Attorney Sidney Powell and General Flynn

Defence Attorney Sydney Powell and Michael Flynn
A lawyer for retired Lt. Gen. Michael Flynn said her client was prepared to "audit" the U.S. intelligence community as White House national security adviser.

And that, according to former federal prosecutor Sidney Powell, is partly why federal agents "set up" Flynn.

Flynn, 61, is fighting to dismiss the government's case against him. He pleaded guilty in December 2017 for lying to investigators about his conversations with Russian diplomat Sergey Kislyak on sanctions on Russia and a United Nations resolution on Israel, but in January, he told the U.S. District Court in Washington, D.C., that he was "innocent of this crime."

Powell, who took over Flynn's defense last summer, told the Vicki McKenna Show on 1310 WIBA Madison on Tuesday that her client was "totally set up" because he threatened to expose wrongdoing by top intelligence officials in the Obama administration.

"He was going to audit the intel agencies because he knew about the billions Brennan and company were running off books," Powell said, referring to former CIA Director John Brennan.

Powell offered no evidence during the interview to support the claim, but her comments echo the findings of investigative journalist Lee Smith, the author of The Plot Against the President.

During a November interview on Maria Bartiromo's Insiders on Fox Nation along with Powell, Smith said Flynn was scrutinizing possible misconduct by the U.S. intelligence community.

"In addition to Gen. Flynn's name being cleared, I hope that his initiative to get to the bottom of what these people were doing — to audit the intelligence community ... that's something else we need to look at again," Smith said. "As well, his initiative to clean out the deep state."

They also discussed Stefan Halper, an academic who was given high-dollar Pentagon contracts to study Russia and China. Halper is also reported to be an FBI informant who had conversations with Trump campaign aides and is under scrutiny by U.S. Attorney John Durham's review of the Russia investigation.

"There's no telling how many billions of taxpayer dollars they're running off books for the different intel agencies ... and, of course, we see evidence of that ... with what was paid to Stefan Halper for his shenanigans. It just goes on and on," Powell alleged at the time.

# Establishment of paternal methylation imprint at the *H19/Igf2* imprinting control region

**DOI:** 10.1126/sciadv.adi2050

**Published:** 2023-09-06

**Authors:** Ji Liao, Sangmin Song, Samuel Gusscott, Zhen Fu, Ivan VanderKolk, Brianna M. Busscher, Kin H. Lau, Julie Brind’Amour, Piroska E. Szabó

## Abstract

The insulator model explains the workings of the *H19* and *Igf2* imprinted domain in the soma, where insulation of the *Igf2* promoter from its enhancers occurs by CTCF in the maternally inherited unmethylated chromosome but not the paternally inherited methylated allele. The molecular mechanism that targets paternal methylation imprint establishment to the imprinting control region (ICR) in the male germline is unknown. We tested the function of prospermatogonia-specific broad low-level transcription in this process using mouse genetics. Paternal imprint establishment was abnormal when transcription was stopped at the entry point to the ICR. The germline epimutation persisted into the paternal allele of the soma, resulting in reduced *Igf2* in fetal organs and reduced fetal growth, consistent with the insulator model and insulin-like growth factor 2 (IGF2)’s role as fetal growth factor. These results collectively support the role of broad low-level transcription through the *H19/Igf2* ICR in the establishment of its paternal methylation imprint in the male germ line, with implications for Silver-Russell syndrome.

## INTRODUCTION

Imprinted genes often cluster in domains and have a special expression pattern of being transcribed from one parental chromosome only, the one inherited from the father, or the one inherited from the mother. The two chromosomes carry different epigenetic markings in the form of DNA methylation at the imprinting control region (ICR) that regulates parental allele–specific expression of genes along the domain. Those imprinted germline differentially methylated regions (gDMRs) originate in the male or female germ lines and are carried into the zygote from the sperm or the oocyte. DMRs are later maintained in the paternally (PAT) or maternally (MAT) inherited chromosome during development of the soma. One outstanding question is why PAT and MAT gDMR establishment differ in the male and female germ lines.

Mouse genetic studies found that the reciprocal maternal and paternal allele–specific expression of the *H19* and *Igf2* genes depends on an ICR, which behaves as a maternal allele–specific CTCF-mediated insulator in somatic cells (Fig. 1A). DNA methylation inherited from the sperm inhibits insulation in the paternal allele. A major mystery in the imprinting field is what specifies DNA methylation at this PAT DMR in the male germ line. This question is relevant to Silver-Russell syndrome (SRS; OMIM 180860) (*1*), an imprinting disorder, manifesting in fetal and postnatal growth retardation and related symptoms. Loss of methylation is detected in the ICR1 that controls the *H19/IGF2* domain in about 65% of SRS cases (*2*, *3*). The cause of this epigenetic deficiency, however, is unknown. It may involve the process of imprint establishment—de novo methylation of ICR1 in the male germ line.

Flynn was picked by former President Barack Obama to serve as director of the Defense Intelligence Agency in 2012, but he was pushed out of the position after clashing with Director of National Intelligence James Clapper and others. He retired from the Army in 2014, a year before his stint was supposed to end.

"I was fired as the director of the Defense Intelligence Agency after telling a congressional committee that we were not as safe as we had been a few years back," Flynn wrote in his 2016 book, The Field of Fight: How We Can Win the Global War Against Radical Islam and Its Allies.

The future Trump national security adviser was openly critical of the intelligence community prior to joining Trump's campaign as a foreign policy adviser in February 2016.

"They've lost sight of who they actually work for," Flynn said of the CIA to the New York Times in October 2015. "They work for the American people. They don't work for the president of the United States ... It's become a very political organization."

Flynn believed Obama was naive in the belief that killing al Qaeda leader Osama bin Laden would go a long way toward defeating jihadist terrorist groups. He also criticized what he saw as the intelligence community's failure to predict the rise of the Islamic State and was unhappy with Obama's characterization of the terrorist group as the "JV team."

It was apparently Flynn's 2015 interview with staffers from the Office of the Special Inspector General for Afghanistan Reconstruction about his time as the director of intelligence for the International Assistance Security Force in Afghanistan casting doubt on the success of the war which led the Washington Post to begin its successful pursuit of the so-called "Afghanistan Papers."

"From the ambassadors down to the low level, [everyone claims that] we are doing a great job," Flynn told investigators. "Really? So if we are doing such a great job, why does it feel like we are losing?"